Moises Kaufman and his Tectonic Theater Project, collectively responsible for the superb Gross Indecency: The Three Trials of Oscar Wilde, visited Laramie some half-dozen times over several months between the attack on Shepard and the aftermath of the trials of his killers. Kaufman and company interviewed dozens of Laramie residents, seeking not only to get at, in the title of Judy Shepard's book, "the meaning of Matthew," but also to comprehend the reality of the small university town in which he spent his final months. Was there something in Laramie that prepared the way for this atrocity, or was there both more, and less, to the Wyoming enclave than met the media's many eyes?
The result is a drama about making drama, an examination of appearance and reality and the means by which national attention blurs those lines, and an elegy of such power that it is, occasionally, almost unbearable to watch, and which must be extraordinarily taxing to play. That Laramie at Duke is such a triumph of staging and scrupulous humaneness is no surprise, given that it has been directed by the exceptionally gifted Jeff Storer, of Durham's invaluable Manbites Dog. Moreover, his student cast meets, and exceeds, nearly all expectations.
Thirteen young performers essay some sixty roles, differentiated by the slightest of costume alterations — hats, scarves, jackets — and their collective brilliance as an ensemble. Playing Laramie residents and the Tectonic troupe as well as occasional interlopers such as national reporters, politicians, and the likes of the odious Fred Phelps, they carry out the kind of fundamental, ecclesiastic ceremony in which theatre itself is rooted, complete with catharsis: while some of the participants of these interviews remain strikingly unmoved in their hostile complacency, yet there are also those for whom these painful events are transformative — even, in a way, sanctified.
In a band of nearly uniform excellence, a few names are deserving of special mention: Summer Puente, especially in her incarnation of the heroic Romaine Patterson; Ashley Jones; Kristen Price; Naomi Riemer, exuding warmth and poise in equal measure, notably as the Lesbian university professor Catherine Connolly; Emma Miller, whose performance as the estimable policewoman Reggie Fluty is stunningly realized; Julian Spector, notably as both Detective Sargent Hing and the exceedingly rare Father Roger Schmidt; Spencer Paez, a fine Moises Kaufman and a chillingly unrepentant Aaron McKinney; Ben Bergmann, an expansive, and inordinately decent, Matt Galloway; and Andy Chu, whose ongoing presence as the Laramie student actor Jedidiah Schultz provides the project with its central, individual movement toward growth, and its most resounding — and hopeful — grace note.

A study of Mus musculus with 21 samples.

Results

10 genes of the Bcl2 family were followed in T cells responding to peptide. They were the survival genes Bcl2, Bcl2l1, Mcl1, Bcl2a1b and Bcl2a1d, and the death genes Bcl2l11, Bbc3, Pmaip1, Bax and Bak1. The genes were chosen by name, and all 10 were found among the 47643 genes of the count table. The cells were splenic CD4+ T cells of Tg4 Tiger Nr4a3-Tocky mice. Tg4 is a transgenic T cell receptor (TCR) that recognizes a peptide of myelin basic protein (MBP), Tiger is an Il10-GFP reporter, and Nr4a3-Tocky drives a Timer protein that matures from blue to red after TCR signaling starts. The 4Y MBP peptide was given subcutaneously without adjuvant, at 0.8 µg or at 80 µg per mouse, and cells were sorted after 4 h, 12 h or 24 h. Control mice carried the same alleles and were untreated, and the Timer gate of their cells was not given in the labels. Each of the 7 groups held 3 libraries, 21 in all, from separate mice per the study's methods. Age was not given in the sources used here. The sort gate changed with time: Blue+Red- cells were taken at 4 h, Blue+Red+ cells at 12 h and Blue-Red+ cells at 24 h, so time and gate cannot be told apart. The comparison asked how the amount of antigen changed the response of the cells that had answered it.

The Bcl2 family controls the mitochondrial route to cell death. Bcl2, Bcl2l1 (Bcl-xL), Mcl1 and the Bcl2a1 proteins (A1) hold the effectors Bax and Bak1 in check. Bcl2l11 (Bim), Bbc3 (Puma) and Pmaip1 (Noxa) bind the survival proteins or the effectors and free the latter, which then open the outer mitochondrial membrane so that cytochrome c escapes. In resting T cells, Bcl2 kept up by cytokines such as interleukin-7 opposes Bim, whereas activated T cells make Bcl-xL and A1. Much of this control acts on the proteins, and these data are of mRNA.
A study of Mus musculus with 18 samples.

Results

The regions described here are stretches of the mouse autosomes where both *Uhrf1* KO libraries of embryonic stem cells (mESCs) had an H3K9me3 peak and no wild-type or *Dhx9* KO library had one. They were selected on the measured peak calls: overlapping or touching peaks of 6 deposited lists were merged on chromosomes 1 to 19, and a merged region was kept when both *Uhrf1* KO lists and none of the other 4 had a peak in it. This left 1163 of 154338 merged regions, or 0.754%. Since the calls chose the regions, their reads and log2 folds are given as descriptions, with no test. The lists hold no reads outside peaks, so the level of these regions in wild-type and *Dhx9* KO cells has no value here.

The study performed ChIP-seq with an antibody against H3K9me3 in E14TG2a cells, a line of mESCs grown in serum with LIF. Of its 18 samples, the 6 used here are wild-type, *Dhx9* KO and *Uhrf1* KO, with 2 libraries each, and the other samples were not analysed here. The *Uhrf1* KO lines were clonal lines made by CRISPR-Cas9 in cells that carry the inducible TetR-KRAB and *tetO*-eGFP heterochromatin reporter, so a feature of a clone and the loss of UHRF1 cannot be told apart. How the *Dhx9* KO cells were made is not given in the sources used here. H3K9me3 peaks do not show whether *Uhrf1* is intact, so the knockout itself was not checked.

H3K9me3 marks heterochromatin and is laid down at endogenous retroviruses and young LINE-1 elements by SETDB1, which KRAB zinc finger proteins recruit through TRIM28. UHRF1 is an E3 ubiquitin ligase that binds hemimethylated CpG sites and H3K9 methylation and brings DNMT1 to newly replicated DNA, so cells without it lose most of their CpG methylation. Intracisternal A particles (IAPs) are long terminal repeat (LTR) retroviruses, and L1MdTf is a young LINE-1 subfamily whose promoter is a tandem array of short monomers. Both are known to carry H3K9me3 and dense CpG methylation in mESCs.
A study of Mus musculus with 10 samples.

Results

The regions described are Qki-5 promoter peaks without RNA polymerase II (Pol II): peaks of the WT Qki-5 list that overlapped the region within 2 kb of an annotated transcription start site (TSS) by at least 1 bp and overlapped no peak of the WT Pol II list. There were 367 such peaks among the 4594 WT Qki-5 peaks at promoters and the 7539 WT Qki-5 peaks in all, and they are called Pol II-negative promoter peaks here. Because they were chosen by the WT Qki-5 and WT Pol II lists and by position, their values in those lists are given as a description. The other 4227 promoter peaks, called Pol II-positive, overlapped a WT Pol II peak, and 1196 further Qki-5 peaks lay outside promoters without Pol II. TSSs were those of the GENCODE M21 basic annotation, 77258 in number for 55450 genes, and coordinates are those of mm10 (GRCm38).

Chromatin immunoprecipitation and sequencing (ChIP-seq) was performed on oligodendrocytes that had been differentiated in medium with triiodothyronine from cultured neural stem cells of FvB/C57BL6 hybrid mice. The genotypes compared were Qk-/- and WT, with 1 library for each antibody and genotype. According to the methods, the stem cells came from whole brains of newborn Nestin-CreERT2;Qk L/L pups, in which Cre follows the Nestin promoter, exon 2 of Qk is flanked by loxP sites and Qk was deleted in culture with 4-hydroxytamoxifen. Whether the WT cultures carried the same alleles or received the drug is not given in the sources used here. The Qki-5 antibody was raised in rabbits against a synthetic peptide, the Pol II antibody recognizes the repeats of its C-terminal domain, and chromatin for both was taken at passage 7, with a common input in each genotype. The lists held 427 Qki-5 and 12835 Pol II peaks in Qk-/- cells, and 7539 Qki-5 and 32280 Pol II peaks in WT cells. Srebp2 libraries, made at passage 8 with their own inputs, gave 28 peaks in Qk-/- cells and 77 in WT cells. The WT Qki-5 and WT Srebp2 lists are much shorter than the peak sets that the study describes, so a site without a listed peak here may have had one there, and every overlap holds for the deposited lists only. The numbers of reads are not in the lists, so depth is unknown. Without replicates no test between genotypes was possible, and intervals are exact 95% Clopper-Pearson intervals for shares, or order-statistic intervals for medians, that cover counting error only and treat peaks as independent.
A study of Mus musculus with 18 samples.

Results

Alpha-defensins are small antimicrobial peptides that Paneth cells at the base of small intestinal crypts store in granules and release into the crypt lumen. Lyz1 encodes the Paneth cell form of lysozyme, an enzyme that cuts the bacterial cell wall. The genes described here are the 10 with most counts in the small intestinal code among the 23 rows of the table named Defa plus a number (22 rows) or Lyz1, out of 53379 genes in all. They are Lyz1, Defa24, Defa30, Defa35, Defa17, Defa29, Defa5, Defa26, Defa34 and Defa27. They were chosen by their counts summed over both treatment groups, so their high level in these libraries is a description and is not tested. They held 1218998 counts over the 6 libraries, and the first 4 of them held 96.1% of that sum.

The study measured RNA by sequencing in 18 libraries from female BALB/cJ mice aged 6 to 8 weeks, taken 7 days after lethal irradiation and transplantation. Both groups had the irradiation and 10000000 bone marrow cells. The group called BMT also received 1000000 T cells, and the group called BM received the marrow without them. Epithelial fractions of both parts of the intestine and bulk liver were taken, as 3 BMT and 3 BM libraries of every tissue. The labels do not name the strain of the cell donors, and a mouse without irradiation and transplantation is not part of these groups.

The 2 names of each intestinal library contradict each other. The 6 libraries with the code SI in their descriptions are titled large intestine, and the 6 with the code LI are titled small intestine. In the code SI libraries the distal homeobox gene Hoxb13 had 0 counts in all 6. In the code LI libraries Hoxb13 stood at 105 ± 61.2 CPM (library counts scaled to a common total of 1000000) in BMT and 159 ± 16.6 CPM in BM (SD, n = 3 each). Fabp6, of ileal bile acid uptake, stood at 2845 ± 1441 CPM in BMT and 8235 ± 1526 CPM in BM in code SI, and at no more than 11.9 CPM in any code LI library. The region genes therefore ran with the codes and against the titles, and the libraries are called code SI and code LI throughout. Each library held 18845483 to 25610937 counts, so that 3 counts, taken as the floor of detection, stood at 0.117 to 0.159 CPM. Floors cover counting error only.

Torry Bend's spare, effective scenic design provides the perfect playing space. Chuck Catotti's lighting is both stark and often beautiful, the videography of Alex Maness adds a layer of immediacy and critique, and Jessica Gaffney's costumes accentuate, illuminate, and never overwhelm. Jeff Storer has directed with the sort of unobtrusive inventiveness, breathtaking style, and epic economy that has made his thespic labors a bulwark of absolutely vital theatre in the Triangle for over 20 years.
What is going on at the Shaefer is essential theatre: a communion between actors and audience that is incisive, brisk despite its nearly three-hour running time, compassionate, and deeply human. Miss it at your peril.
The Laramie Project continues at Duke through April 17. For details, see the sidebar.